Encouraging women’s entrepreneurship in India – Triple track for growth
Women’s Entrepreneurship Day is coming up and will be celebrated in Delhi-NCR on 16th November. Women’s entrepreneurship is a subject of great importance to the economy. As a percentage, women form a very small minority of all entrepreneurs in India. This is because of significant financial and societal barriers that face women entrepreneurs as they begin contemplating a business journey.
However, their increased involvement in entrepreneurship would lead to many significant advancements in the Indian economy. Their increased participation as entrepreneurs would see huge rises in GDP, increased opportunities for labor force participation for other women and a benefit to society at large.
It has been demonstrated that women entrepreneurs give back to society and value environmental concerns more than their male counterparts. In a rapidly changing society that needs community and environmental issues addressed, a growth in the number of women entrepreneurs is only a positive. Their aspirations should be encouraged and they should be given the same opportunities and space to find their feet when it comes to entrepreneurship as in any other aspect of life.
In light of this, I believe there are steps that can be taken to encourage women’s entrepreneurship in the country. They are listed below in my ‘Triple track for growth’.
1. Women entrepreneurs have the Mahila Bank and Bandhan Bank supporting their endeavors and I wanted to suggest to banks and institutions with women chiefs to consider setting up crowdfunding platforms with the help of GlobalLinker. This can support innovation, startups, hesitant entrepreneurs to help test their ideas. Worldwide, many such platforms exist but there isn’t one in India yet.
2. Companies Act on CSR Sec 135 Schedule VII provides for 2% of net profit spend on CSR activities by listed companies. The forums here and the program in Delhi may consider persuading the corporates which are listed and others to commit at least 25% of the sum for skill development of women entrepreneurs and the creation of Incubation centers and accelerators.
3. Women entrepreneurs need priority treatment when they choose to become social entrepreneurs. That is when they choose to start a Sec8/ Sec 25 company and set up a trust/ NGO / skill development institute etc. They should be given priority by the various ministries concerned for e.g. if they have lined up a foreign donor the process of granting FCRA should be made less complicated and if they have a portal where they invite foreign donors to contribute in foreign currency for the cause they stand for and do advocacy – they should be given swift approvals.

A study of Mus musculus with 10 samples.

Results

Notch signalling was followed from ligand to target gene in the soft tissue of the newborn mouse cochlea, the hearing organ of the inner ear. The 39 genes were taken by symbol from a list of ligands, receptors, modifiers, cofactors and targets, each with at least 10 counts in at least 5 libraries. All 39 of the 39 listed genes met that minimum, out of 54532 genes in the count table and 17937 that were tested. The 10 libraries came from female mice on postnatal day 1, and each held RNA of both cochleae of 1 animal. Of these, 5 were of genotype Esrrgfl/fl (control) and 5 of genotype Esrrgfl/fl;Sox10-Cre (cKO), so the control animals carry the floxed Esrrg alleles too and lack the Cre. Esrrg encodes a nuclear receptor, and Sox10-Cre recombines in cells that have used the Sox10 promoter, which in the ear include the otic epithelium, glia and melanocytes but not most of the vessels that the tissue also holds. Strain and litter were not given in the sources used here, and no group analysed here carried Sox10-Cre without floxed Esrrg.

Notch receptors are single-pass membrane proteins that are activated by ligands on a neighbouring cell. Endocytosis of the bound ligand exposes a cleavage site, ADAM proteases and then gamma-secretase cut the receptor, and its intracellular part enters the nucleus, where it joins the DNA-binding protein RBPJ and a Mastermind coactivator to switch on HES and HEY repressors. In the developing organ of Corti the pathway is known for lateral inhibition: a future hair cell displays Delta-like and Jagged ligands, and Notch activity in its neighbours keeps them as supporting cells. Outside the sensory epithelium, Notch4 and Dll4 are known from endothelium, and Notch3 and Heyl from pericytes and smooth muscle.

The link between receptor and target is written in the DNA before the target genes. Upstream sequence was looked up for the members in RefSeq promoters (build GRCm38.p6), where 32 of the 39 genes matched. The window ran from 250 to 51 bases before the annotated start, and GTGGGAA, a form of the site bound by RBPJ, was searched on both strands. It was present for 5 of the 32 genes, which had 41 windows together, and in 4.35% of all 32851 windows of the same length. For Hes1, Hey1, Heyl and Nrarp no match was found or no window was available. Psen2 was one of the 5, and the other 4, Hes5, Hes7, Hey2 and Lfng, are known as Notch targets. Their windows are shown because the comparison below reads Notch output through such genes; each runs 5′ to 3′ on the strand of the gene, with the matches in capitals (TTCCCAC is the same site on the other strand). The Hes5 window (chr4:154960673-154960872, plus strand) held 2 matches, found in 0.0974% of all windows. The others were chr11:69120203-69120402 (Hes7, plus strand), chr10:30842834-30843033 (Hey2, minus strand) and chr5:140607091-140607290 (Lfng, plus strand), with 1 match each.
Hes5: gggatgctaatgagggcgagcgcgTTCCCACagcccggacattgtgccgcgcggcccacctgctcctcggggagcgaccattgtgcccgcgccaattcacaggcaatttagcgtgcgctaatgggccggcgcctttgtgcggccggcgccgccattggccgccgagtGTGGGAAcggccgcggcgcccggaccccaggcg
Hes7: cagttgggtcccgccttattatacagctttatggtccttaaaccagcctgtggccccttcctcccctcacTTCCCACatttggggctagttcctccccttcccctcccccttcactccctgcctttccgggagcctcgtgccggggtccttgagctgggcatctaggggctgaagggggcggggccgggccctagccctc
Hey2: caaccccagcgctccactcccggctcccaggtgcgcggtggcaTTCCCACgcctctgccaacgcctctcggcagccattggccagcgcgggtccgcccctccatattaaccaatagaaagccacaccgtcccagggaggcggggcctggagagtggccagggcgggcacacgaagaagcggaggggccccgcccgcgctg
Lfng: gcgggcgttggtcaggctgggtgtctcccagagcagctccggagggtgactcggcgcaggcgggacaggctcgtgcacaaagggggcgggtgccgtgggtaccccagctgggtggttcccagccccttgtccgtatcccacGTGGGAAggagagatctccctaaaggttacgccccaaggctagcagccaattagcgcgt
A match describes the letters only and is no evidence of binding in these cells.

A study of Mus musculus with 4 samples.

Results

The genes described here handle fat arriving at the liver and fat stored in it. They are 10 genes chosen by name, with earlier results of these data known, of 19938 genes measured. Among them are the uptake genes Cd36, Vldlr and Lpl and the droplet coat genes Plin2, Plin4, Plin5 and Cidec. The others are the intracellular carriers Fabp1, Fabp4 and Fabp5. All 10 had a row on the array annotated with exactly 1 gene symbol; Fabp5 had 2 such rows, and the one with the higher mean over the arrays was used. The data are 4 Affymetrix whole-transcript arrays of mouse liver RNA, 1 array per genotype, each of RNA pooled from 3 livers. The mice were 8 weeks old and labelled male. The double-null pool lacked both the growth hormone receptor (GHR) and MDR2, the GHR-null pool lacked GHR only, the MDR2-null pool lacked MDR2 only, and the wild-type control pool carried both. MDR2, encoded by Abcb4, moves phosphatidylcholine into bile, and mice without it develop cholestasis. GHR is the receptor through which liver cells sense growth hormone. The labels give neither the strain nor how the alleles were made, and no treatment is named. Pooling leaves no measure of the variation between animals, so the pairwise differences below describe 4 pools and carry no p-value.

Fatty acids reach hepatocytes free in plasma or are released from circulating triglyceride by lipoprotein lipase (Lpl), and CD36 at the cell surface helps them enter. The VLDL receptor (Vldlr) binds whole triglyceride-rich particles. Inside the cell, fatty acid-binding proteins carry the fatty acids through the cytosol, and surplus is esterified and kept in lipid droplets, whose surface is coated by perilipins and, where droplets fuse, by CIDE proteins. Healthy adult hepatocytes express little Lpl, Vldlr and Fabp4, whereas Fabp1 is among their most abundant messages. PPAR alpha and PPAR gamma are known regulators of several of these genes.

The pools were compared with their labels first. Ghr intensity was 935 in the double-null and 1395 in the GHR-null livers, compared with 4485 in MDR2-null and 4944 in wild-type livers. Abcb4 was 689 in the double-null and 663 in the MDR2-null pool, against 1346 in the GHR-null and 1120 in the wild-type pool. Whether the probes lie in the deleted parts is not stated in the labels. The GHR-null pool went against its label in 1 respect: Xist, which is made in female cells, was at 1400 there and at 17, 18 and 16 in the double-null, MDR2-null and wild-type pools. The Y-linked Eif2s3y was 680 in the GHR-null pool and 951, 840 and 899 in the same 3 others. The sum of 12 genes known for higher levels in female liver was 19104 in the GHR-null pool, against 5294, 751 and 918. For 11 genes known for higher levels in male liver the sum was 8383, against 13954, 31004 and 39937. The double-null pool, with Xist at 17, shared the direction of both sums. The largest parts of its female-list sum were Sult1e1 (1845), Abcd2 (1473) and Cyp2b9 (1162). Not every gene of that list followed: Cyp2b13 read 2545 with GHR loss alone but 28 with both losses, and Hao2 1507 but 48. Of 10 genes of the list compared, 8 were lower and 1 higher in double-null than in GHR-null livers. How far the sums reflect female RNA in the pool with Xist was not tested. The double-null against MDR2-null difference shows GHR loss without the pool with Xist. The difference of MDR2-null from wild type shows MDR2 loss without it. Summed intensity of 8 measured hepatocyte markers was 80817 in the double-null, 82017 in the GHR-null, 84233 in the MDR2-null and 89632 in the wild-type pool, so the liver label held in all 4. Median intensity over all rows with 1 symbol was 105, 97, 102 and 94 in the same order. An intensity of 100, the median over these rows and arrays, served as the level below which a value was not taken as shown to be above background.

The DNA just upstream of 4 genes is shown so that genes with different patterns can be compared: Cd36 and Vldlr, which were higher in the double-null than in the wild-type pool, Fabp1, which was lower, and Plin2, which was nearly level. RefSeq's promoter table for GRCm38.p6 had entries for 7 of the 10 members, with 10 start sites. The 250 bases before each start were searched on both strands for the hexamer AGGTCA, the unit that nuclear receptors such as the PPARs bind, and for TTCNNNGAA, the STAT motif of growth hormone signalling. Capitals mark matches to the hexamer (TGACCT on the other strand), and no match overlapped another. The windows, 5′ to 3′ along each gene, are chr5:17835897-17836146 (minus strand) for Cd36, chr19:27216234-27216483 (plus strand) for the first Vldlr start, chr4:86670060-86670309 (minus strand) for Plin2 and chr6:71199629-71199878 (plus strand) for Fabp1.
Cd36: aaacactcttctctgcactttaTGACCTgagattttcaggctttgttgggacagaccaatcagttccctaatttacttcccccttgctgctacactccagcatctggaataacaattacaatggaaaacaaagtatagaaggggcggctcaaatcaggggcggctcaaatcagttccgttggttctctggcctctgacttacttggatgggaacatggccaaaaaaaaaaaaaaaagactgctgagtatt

I have met many aspiring women entrepreneurs who have had inhibitions about starting a business but are now in charge of thriving businesses and social enterprises. Women are a big part of the future of business in the country with significant GDP growth projected with their increased participation in the economy. Despite their immense potential, women do face unique hurdles on the path to becoming entrepreneurs and my ‘Triple track for growth’ is one way to ensure that they are given the opportunities they deserve.
To explore business opportunities, link with me by clicking on the ‘Invite’ button on my eBiz Card.
This week, the Paradise Papers released by the International Consortium of Investigative Journalists (ICIJ) and its partners, showed us how the rich and powerful are able to hide and hoard their wealth through complex and opaque financial structures.
The sheer volume of the Paradise Papers documents (13.4million in all) hints at a vast, secret parallel financial universe where the reporting requirements that the rest of us are subject to do not apply.
Public figures, such as the Queen and US Secretary of Commerce Wilbur Ross, are shown to have hidden offshore investments, while companies involved include household names such as Apple, Nike and Uber.
You might think: “So what? This isn’t necessarily illegal.”
Well, that doesn’t mean we shouldn’t be concerned.
The documents show that even the compliance manager at offshore law firm Appleby found plenty to worry about, like large amounts of money that were “definitely tainted”, and proceeds of alleged corruption infiltrating the business.
They reveal activities in the Democratic Republic of Congo by mining giant Glencore, which appears to have secured under-valued extraction licenses with the help of a powerful lobbyist that it loaned $45million to.
The documents also reveal how the company that manages Angola’s sovereign wealth fund used this money to finance its other projects. And how Kazakhstan’s former oil minister built up a vast personal fortune obscured behind a labyrinthine network of companies held by a corporation called Meridian.
“This was possible, in part, thanks to Kazakhstan’s notorious corruption and weak rule of law,” write the Organised Crime and Corruption Reporting Project. “But it was the Meridian founders’ exploitation of the international financial system that enabled them to hide their riches from the eyes of their own people.”
That’s the problem here, and that’s why we’re calling for tougher controls on the offshore financial markets.
Secrecy can lead to corruption, and the kinds of structures exposed in the Paradise Papers are the tools of the trade that the corrupt use to launder their ill-gotten gains.